How do we get our audiences to return their to the presenter when we've sent them off to engage in a game or exercise?

Interactivity is a hallmark of effective . We can explain our strategies and success principles, and audiences will think and say they understand them, but it isn't until we ask them to put them into practice that we or they find out whether or not actually do.

Now that we've gone over the ® system, take five minutes to write a paragraph that uses all four elements…

And this is where we lose them. If the exercise is engaging—like it should be—we've offered a valuable growing experience but we're no longer the audience's point of . When we ask them to come back, we're interrupting them!

Before you send them off to do exercises, train your audience to switch gears.

Let's have a little fun. In a moment, I'll ask you to talk to your neighbor and make some noise.
When you hear me blow a long blast on my whistle that means you have 5 seconds left before I blow my three short ones.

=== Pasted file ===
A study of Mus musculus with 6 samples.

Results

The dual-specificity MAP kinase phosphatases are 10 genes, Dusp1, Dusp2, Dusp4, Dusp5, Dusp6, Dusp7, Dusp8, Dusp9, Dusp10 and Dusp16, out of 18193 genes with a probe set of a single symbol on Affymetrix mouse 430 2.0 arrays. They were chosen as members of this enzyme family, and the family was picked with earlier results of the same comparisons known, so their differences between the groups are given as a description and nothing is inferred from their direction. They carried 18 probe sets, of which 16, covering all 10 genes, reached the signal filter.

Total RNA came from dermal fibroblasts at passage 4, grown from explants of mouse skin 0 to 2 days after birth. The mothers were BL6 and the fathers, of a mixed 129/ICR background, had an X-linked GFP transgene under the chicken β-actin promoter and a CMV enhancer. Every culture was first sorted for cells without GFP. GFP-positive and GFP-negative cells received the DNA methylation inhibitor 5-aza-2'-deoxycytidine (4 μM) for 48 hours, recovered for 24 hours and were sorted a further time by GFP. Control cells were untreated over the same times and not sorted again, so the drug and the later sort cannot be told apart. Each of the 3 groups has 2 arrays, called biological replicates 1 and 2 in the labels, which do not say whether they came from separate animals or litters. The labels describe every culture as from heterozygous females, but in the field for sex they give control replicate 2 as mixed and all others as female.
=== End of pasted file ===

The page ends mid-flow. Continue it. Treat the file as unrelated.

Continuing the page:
On the third short blast, no matter who scintillating the conversation may be, break it off, face forward, and go completely quiet.
You may feel uncomfortable switching tracks while someone is talking to you but for today, that will be the new polite.
Okay, let's try it. Lets see how quickly we can go from noisy to silent.

Try this two or three times at the beginning of your presentation, remind them about the noise-to-silence game at the beginning of each exercise, and you'll have your audience trained to jump onto whichever track you want them on cue.